Tl;dr: Would a windfall that doubled your (age appropriate but not amazing) savings overnight change your savings/investment strategy?
My dad died recently; my mom died a while ago. They were both relatively young and had saved extensively. The bulk of his assets, around 300k, are in various types of IRAs and we plan to roll them over as inherited IRAs and opt for option to take the required minimum distribution over my life expectancy, with the understanding that we can draw down more if we wish. These assets are currently split nearly evenly between various stocks and bond funds. Additional property based assets also exist but the valuation is less clear – this will likely come to us as cash but at a much later date.
Having been saving appropriately ourselves for retirement, my spouse and I, at 40, have around $350k in various index funds through TIAA CREF and Vanguard – we have in the past several years fully funded our Roths, made our maximum contributions to our own IRAs, and done some “catch up” saving to offset the time my spouse spent in grad school/not working to his full potential. We have planned/budgeted to continue to do so for the foreseeable future. We also had planned to pay off our house over the next 2-4 years in lieu of investing in bonds. Our allocations are nearly all in small set of mid-large cap domestic and international index funds.
My question is, given this windfall, which nearly doubles our total savings, should we simply allocate the new funds into our existing allocation? Should we reconsider our savings rate into IRAs? Should we change our financial goals ~ 1) pay off house 2) save for retirement 3) save for other things (kids’ college/travel/etc). We both like our careers but we also view savings as a means of having choices – to quit a job, to take a leave of absence, or to stay in a job we love that isn’t paying what it should.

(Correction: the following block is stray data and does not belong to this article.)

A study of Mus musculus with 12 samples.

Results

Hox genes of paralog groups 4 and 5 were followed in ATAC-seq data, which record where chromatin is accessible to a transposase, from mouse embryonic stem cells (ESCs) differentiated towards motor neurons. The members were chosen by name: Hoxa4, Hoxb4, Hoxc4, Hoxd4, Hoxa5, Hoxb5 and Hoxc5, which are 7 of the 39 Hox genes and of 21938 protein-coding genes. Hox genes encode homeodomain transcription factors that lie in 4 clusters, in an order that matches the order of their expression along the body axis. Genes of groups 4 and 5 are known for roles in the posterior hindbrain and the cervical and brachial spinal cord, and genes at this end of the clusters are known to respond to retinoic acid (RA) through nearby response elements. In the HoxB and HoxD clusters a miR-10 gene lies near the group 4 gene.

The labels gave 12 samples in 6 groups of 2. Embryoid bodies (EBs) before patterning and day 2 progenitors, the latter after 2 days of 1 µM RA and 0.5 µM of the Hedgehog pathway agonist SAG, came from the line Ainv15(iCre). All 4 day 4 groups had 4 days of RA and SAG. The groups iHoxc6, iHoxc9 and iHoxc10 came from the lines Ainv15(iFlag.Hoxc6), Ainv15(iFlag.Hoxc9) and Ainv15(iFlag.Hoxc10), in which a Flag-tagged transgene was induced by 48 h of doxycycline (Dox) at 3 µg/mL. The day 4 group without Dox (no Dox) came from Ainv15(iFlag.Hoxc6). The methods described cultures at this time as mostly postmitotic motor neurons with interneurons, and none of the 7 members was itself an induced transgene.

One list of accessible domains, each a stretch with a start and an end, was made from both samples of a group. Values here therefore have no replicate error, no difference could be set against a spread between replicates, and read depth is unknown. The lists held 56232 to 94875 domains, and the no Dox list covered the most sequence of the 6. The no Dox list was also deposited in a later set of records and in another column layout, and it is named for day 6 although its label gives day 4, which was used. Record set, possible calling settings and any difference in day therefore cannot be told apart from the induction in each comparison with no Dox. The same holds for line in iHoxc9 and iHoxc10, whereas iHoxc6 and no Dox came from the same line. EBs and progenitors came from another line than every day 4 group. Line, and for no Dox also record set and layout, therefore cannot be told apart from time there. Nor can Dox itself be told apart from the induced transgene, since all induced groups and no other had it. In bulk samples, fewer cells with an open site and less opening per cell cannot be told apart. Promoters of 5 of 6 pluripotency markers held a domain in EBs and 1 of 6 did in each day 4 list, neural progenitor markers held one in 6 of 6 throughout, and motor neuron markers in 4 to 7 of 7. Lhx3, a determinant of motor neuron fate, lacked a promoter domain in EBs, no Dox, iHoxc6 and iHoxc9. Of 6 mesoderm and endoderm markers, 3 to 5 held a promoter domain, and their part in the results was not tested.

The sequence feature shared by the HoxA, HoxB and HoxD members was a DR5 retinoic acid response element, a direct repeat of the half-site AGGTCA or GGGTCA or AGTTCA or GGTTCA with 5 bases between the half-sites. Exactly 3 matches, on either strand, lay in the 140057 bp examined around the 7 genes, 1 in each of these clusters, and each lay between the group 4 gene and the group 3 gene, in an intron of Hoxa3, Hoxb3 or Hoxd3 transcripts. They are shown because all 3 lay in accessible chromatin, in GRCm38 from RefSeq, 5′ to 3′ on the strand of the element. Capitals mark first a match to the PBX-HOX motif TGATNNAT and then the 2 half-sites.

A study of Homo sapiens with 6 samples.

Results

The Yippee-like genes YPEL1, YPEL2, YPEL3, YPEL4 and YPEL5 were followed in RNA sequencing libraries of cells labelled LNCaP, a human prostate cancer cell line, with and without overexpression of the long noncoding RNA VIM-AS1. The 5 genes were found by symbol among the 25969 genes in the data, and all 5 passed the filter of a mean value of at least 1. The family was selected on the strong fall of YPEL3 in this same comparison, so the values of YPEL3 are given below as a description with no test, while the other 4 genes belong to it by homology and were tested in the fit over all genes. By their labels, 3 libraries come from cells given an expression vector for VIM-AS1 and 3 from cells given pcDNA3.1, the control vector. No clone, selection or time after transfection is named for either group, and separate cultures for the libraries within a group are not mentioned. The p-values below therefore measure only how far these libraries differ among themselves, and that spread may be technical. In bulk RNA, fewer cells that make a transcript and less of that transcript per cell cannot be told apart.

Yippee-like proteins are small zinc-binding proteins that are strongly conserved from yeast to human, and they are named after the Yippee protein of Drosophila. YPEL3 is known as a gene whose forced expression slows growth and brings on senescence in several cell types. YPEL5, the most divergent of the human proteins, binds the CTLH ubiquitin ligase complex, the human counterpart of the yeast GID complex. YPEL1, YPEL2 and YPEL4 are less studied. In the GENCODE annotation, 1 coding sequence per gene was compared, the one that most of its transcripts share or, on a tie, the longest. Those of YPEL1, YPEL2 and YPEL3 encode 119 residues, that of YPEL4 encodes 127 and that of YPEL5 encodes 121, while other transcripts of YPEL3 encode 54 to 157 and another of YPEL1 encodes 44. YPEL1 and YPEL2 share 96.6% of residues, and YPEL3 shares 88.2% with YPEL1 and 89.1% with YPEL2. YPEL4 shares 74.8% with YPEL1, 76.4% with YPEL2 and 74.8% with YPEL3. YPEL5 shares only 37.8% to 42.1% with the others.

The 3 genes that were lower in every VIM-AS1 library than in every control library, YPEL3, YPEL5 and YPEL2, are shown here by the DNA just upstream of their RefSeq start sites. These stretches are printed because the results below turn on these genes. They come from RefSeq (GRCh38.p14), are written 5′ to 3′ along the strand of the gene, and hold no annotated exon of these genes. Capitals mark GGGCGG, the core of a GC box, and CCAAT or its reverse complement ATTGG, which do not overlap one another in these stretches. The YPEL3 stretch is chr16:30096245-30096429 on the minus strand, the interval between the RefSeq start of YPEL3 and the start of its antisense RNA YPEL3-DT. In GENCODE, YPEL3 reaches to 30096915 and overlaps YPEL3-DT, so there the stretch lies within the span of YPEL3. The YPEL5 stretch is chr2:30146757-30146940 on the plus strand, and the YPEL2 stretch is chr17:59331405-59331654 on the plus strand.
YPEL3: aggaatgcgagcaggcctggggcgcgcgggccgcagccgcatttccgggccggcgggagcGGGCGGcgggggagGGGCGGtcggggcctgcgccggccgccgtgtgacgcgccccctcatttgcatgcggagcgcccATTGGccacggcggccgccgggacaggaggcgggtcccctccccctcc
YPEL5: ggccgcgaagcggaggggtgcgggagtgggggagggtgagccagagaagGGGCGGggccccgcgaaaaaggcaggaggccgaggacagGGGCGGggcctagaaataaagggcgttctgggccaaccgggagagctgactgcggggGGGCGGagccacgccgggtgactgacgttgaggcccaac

We are getting some pressure (from family/from our tax attorney) to find a financial advisor and engage in more expensive actively managed investing. We aren’t sure about this – should we engage someone for short term advice and pay for it? Should we keep doing what we are doing, which is reading up and figuring it out ourselves? Neither of us works in this area…
Thoughts and advice?
So sorry to hear about your loss.
This is a tough one. If it were me, 300k isn’t so much that it seems like it needs special financial planning above and beyond what you are already doing. On the other hand this whole inherited IRA thing could be tricky and have tax consequences that I don’t understand but you sound like you’ve looked into them.
When #2’s husband got a large lump sum from stock options he just added more to the investments he already had using the same strategy as before (also some of that went towards a wedding and moving expenses– they still can’t afford a house where they live).
If it were me I would do 1. Retirement 2. House 3. Other. You also want as much of that as possible put into vehicles that you can hide from colleges (like retirement and your house) because 300k in cash means you pay 100% tuition etc. while 650k in retirement doesn’t, depending on your income. So if making those moves is complicated or you don’t know how colleges are going to treat different assets, it might be worth it to talk to a professional. But that seems more in the realm of your tax person than a financial planner.
Active investing is almost never a good thing and I can’t see 300k being so big that you need it. It’s not like you’re trying to dodge an inheritance tax at age 40 with less than 700k plus a home. It’s not a big enough portfolio to really benefit from munis. So I’m not really sure what active management would add.
On the other hand, when my father dies, my mom already has a firm (apparently a branch of Charles Schwab does this) picked out to forensically untangle all of his investments. Simplifying them in a way that doesn’t create massive taxes will be the next step. That’s not active management but it will take a professional in the short term.
So I guess a fee only financial planner might be worth it if this is beyond your tax person’s abilities, but not one who is going to encourage active management. Instead someone who will help your figure out how to get the right asset mix (which you probably already know), how to avoid excess taxes, and how to maximize financial aid. So like one or two meetings rather than them taking over your portfolio.
Grumpy Nation, what would you do in A’s situation?